October 26, 2014

Medina

CLEVELAND — “The Monsters” scared the seven-game winning streak out of the Denver Nuggets.

Big men Tristan Thompson and Anderson Varejao combined for 35 points and 34 rebounds Wednesday night as the Cavaliers downed Denver 98-88 in front of 14,642 satisfied fans at Quicken Loans Arena.

Cleveland’s Alonzo Gee, right, tries to get past Denver’s Wilson Chandler in the second quarter. (AP PHOTO)

The Cavs (6-12) now have their first two-game winning streak since April 5-7 of last season, while Denver (11-7), which is in the middle of a six-game road trip, lost for the first time since Nov. 18.

“To get 34 rebounds between two guys is an absolutely amazing night for our bigs,” Cavs coach Mike Brown said. “They were monsters tonight. They were monsters on the pick-and-roll. They were monsters on the glass. They were monsters around the rim.

“That type of effort was awesome. It was awesome to watch.”

Thompson finished with 17 points and a career-high 21 rebounds in 34 minutes, while Varejao came off the bench to score a season-high 14 points and tie his season high with 13 rebounds in just 28 minutes.

“It’s our role as bigs,” said Thompson, who also blocked three shots. “We’ve got to come out every night and rebound, play hard and defend.”

Toss in 7-foot, 294-pound Andrew Bynum, who had 14 points and seven rebounds in 20 minutes, and Cleveland’s three big men totaled 49 points and 41 rebounds.

Former Cav J.J. Hickson, who is 6-9 but starts at center for Denver, had 15 points and 11 rebounds, but had to be taken out of the game in the first and third periods because he couldn’t stop Bynum, who outweighs him by more than 50 pounds.

Normal Nuggets hustle man Kenneth Faried, meanwhile, mustered just seven points and four boards in 19 minutes while getting totally outplayed by Thompson.

“The key was to play aggressive offensively,” said Varejao, who matched Thompson with three blocks. “We knew we were going against J.J. and Faried. They’re kind of undersized. We knew they could run the floor, but we knew we had some advantage in the post.”

Thompson (9), Bynum (4) and Varejao (3) also combined for 16 offensive rebounds, which led to a 23-11 Cleveland advantage in second-chance points.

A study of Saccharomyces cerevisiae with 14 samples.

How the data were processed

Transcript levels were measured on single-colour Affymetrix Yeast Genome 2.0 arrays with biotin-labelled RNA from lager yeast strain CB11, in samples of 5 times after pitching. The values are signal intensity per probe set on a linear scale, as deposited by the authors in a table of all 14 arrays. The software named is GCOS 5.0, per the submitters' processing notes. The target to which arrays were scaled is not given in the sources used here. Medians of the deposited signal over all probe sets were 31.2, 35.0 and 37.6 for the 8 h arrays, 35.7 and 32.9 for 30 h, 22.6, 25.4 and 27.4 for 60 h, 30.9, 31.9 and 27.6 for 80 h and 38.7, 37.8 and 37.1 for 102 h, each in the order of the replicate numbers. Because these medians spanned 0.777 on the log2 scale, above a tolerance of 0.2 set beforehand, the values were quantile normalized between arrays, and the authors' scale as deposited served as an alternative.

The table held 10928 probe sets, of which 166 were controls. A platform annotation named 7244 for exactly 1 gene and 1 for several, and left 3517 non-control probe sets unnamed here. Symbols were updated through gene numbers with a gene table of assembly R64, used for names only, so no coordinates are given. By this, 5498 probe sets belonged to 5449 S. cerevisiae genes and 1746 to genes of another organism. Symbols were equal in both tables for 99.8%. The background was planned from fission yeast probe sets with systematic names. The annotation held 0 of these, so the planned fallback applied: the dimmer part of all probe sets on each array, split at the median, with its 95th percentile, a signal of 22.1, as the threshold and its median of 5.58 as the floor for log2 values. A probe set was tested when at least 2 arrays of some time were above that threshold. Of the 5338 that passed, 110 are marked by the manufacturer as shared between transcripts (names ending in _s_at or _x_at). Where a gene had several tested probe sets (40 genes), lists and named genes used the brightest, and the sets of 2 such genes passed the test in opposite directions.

Beyond that, it prevented the Nuggets, who began the night as the fourth-highest scoring team in the league at 105.3 a game, from running. Forced to play half-court, Denver shot just .391 from the field — point guard Ty Lawson was 1-for-13 — and matched its season low in scoring.

“It was a pretty good night defensively,” Brown said. “That’s where our strength is.”

The Cavs, who also got 23 points from Kyrie Irving, recorded their largest margin of victory since beating Toronto 103-92 on Feb. 27.

Other than allowing a 12-point lead to get whittled to four in the closing moments of the first half, Cleveland never had a lull and led the entire second half.

“It was really encouraging because, if you think about it, while we’re going through all this, we’re learning how to win,” Brown said. “We’re trying to figure ourselves out. While we’re doing that, we’re trying to figure out what it means to win.”

A two-game win streak is modest, but it appears the Cavs may be starting to understand what it takes.

Irving had 17 points on 7-for-11 shooting in the first half — he was 2-for-9 after intermission — as Cleveland took a lead it never relinquished.

Instead of playing not to lose, the Cavs attacked the basket in the fourth quarter and the undersized Nuggets had no choice but to foul, which resulted in Cleveland getting into the penalty 4:08 into the period.

The Cavs shot just .407 from the field for the game, but they outrebounded Denver 58-43 and didn’t surrender many easy points while blocking 13 shots as a team.

“Their bigs just beat up on our bigs is what it came down to,” Nuggets coach Brian Shaw said. “Andrew Bynum, Anderson Varejao and Tristan Thompson inside just wore us down.”

Contact Rick Noland at (330) 721-4061 or rnoland@medina-gazette.com. Fan him on Facebook and follow him on Twitter @RickNoland.